Over time, I’ve been getting annoyed at how my left shoulder always appears to be really drooped down in photographs due to my scoliosis. It’s also a functional problem too, when wearing a pack I have to snug down my left strap to compensate for the drop, yet my right shoulder tends to bear the brunt of the weight. Over the past few months I’ve been making a conscious effort to pick my shoulder up all the time and keep my back straight when walking to avoid becoming a hump back IT dork.

This got me to studying posture more. Another issue I’ve noticed is that I have a mild sway in my lower back. Whenever doing Krav Maga, the instructors were always telling me to stop leaning forward when throwing punches, then the corrected posture felt very exaggerated and unnatural. Running coaches would also always tell me to straighten up when running on level ground. I’ve always attributed this to having a screwed up back, but turns out this may not necessarily be the case. It could be a muscle imbalance that’s causing the pelvis to tilt forward.

I’m not 100% sold on it because I don’t know how well it fits me. There are four muscle groups that support the pevis: in the front are the abdominal muscles (recus abdominus, obliques), hip flexors; in the back are the trunk extensors (erector spinae) and hip extensors (hamstrings and gluteus maximus. If the hip flexors and trunk extensors are tight plus the abdominal muscles and hamstrings are weak, it will cause a forward tilt.

I’m confused as to what happens to muscles when they’re not used. One camp I’ve read says they weaken and stretch. Another camp says they lose flexibility and tighten up. Cyclists and runners are notorious for having tight hamstrings, maybe not strong, but very tight. Cyclists will often have over developed quadricepts, which work against the hamstrings. Sitting at a desk all day long will cause hip flexors to lose flexibility and get tighter too. The question is, what’s pulling more, the tight hamstrings or tight hip flexors?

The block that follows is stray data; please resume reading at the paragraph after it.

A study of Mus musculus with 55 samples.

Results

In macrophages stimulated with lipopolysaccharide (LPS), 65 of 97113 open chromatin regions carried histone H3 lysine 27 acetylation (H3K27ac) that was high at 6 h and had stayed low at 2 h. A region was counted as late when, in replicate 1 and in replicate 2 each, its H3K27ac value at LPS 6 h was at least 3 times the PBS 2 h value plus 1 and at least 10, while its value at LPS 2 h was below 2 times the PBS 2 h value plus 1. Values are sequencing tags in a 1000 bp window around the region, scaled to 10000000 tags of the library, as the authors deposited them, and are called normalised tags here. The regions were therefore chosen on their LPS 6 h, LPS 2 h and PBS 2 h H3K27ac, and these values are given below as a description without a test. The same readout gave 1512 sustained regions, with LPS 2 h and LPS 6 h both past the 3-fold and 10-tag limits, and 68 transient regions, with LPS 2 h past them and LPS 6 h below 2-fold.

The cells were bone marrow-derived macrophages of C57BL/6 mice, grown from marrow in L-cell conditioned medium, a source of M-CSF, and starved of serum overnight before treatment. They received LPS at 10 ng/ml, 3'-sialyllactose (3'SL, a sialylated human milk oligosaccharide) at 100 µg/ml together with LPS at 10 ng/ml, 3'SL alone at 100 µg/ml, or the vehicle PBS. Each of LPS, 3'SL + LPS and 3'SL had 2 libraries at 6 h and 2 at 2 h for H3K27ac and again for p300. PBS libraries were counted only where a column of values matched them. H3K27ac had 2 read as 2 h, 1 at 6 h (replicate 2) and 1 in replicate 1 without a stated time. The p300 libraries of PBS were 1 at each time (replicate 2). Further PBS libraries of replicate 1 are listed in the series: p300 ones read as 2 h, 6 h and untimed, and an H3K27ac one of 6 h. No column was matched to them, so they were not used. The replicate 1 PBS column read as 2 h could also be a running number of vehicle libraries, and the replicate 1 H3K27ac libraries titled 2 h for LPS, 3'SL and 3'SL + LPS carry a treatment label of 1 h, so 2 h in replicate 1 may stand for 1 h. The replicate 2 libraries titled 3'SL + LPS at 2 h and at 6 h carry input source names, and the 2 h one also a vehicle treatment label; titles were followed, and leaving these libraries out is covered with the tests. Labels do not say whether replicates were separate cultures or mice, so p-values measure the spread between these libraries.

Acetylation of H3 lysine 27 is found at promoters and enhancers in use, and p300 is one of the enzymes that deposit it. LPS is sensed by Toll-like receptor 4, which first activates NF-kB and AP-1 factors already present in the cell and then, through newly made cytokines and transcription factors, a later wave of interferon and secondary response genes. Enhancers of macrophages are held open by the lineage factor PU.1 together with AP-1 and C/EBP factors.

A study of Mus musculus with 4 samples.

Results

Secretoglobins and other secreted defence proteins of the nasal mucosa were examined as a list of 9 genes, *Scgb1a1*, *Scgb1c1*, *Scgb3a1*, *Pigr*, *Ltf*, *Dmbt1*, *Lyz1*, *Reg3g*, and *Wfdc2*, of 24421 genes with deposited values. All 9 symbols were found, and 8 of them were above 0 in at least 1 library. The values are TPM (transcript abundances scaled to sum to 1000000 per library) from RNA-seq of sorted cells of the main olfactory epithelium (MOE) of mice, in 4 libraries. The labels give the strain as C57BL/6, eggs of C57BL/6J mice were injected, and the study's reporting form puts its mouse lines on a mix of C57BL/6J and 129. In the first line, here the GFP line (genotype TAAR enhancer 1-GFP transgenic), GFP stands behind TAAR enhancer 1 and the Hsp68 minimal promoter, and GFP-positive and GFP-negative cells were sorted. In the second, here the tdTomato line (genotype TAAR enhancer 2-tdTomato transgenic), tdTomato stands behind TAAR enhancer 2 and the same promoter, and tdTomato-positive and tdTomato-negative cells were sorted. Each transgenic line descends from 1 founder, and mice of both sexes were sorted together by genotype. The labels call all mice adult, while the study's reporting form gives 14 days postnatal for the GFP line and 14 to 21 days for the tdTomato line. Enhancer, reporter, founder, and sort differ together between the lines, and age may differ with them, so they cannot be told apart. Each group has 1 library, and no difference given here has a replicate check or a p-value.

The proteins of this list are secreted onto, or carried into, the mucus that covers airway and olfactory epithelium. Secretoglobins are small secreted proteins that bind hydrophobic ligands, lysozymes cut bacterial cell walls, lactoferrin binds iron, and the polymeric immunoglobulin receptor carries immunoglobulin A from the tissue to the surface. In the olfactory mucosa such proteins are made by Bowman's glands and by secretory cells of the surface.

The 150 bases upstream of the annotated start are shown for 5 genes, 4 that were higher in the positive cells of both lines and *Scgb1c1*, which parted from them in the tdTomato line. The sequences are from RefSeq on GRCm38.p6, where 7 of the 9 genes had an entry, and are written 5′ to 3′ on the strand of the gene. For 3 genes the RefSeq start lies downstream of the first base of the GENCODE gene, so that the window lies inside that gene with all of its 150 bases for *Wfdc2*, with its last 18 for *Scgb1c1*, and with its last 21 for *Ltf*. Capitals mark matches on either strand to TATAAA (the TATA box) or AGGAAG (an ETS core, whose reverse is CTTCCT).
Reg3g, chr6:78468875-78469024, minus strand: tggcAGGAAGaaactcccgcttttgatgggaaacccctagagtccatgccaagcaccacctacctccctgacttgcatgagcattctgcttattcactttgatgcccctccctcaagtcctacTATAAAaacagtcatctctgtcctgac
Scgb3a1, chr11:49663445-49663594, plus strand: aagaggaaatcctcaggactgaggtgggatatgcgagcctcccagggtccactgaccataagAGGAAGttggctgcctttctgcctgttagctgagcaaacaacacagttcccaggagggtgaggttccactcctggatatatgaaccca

The other half are abdominals. I’m packing 10-15 pounds more than I care for, and I don’t have any idea how strong my abdominals are. This is a big contributor to the tilt, I think. I’m determined to drop 15 pounds by Christmas. It’s clear that I need to incorporate a LOT more stretching, and build up my core and hamstring+glue strength. I’ve been doing this anyways, but this underscores how really important it is to do.

My coworkers have finally convinced me to join a gym so I can play squash with them. All the run-stop-run-stop should be of benefit, and maybe I can get with a core workout program or hire a trainer to help me with a few things. The problem with working out alone is that I need a spotter to tell me when I’m not properly doing a exercise or holding the right posture.

Running so far has been going well. I’ve been using the treadmill so I can remember what a pace feels like. Something has changed as now I can run a full three miles at solid pace without resorting to run+walk tactics. Today was a five miler, which I followed with a few miles on the bike.